Georges Franju
1959 || 95 mins

Francois (Jean-Pierre Mocky, who also wrote the adaptation of Hervé Bazin’s novel) is a French rebel-without-a-cause. He rides around on his motorbike in a leather jacket, goes to beatnik clubs and has casual relationships with girls like Stephanie (Anouk Aimee). He spurns his wealthy lawyer father, who catches him stealing his money and burning some important legal documents. Determined to teach him a lesson, Francois’ father has him locked up in a mental institution under the supervision of the hard-line Dr. Varmont (Pierre Brasseur). Inside, Francois makes friends with another patient named Heurtevent (Charles Aznavour), who, like him, dreams of escape. Together, they make a break for freedom…

see also articles on:
Top 10 Films by Lesser Known Directors || Georges Franju Profile || French New Wave History || French New Wave Film Guide

Franju’s first feature film, unlike his better known Les yeux sans visage (Eyes Without A Face, 1960), is not a horror story – at least not a horror story of the blood and gore and mad scientist variety. It is, however, the stuff of nightmares. Francois is neither mad nor particularly dangerous, but certainly foolhardy in thinking he can defy authority figures like his lawyer father and the psychiatrist Dr. Varmont. Like most of us, Francois takes his freedom for granted, until it is taken away from him. Only then does he discover how defenceless the individual can be when pitted against the system and those charged with the task of keeping it in place. “It is my responsibility to protect society from men like these,” Dr, Varmont informs a colleague. But who exactly is being protected and from what?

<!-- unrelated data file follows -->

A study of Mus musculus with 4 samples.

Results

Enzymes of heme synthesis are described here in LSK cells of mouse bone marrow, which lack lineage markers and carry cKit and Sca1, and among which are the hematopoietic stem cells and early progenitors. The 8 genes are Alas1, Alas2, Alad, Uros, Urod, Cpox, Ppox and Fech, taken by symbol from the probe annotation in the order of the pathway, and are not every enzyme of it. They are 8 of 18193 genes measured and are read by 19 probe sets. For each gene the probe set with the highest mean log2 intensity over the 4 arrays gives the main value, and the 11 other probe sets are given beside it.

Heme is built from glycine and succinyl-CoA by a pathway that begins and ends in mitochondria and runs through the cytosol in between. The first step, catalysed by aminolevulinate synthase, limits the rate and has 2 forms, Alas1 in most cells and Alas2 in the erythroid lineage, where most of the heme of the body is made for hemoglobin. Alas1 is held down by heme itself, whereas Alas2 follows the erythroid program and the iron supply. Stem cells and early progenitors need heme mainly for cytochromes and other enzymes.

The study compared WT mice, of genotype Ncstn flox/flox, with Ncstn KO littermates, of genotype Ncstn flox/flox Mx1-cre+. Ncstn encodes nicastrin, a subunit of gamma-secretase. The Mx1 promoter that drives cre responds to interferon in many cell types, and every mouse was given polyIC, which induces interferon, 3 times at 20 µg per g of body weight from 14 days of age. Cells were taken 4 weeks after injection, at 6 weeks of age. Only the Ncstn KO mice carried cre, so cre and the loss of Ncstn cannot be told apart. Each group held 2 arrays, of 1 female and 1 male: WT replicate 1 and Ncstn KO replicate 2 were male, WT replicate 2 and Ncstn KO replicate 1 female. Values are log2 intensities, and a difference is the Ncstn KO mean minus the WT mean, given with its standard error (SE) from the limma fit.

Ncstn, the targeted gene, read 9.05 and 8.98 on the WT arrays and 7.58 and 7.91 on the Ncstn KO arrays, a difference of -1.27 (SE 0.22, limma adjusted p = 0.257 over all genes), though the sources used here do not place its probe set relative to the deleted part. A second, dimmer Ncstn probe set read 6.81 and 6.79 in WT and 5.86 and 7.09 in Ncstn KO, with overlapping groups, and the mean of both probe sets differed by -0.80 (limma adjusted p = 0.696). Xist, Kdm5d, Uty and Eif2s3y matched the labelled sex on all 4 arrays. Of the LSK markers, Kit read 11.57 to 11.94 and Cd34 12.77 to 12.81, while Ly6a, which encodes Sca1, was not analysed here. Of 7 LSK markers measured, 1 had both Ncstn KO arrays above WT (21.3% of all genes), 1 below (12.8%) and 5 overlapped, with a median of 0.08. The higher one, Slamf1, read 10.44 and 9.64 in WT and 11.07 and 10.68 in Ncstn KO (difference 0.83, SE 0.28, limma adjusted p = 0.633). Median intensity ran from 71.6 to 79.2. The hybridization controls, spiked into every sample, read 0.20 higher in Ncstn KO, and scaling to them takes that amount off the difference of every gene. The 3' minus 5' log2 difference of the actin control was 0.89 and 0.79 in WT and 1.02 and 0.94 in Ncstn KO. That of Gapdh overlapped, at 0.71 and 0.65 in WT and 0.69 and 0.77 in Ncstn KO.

The visiting Dr. Emery has a more humanitarian approach. Unlike Varmont, he believes in the possibility of rehabilitation. In his institution he provides a far more inviting environment for his patients, reasoning that a more sympathetic approach
is more likely to heal the mentally disturbed. Heurtevent (a fine performance from Charles Aznavour) pleads with Emery to take him on as a patient. But the doctor regretfully doesn’t have the space – a circumstance that will have tragic consequences later. Under the circumstances it is no wonder that the desperate take the only course left open to them, but there are more than just outer walls to surmount if they are to find the peace they long for.

Ultimately what makes the film so extraordinarily memorable is not the compassionate message, compelling though it may be, but the otherworldly atmosphere conjured up by Franju in a succession of haunting images: the train that chugs through the forest, the Rappaccini-like greenhouse, the escape across burning stubble fields, the dream-like gambling den whose inhabitants seem just as stony and absent, if not more so, than the statue-like patients at the hospital who suddenly animate and come to life when they join hands and march in a circle. This is a world where darkness is always encroaching, where even lovers talk in sombre whispers, and where death is always close at hand. It’s there in the cemetery scene, in the epileptic’s gruesome suicide, in the odd zombie-like manner of the players in the gambling den, in the feeling – as Francois is being pulled down the stairs of his lover’s apartment – of being buried alive.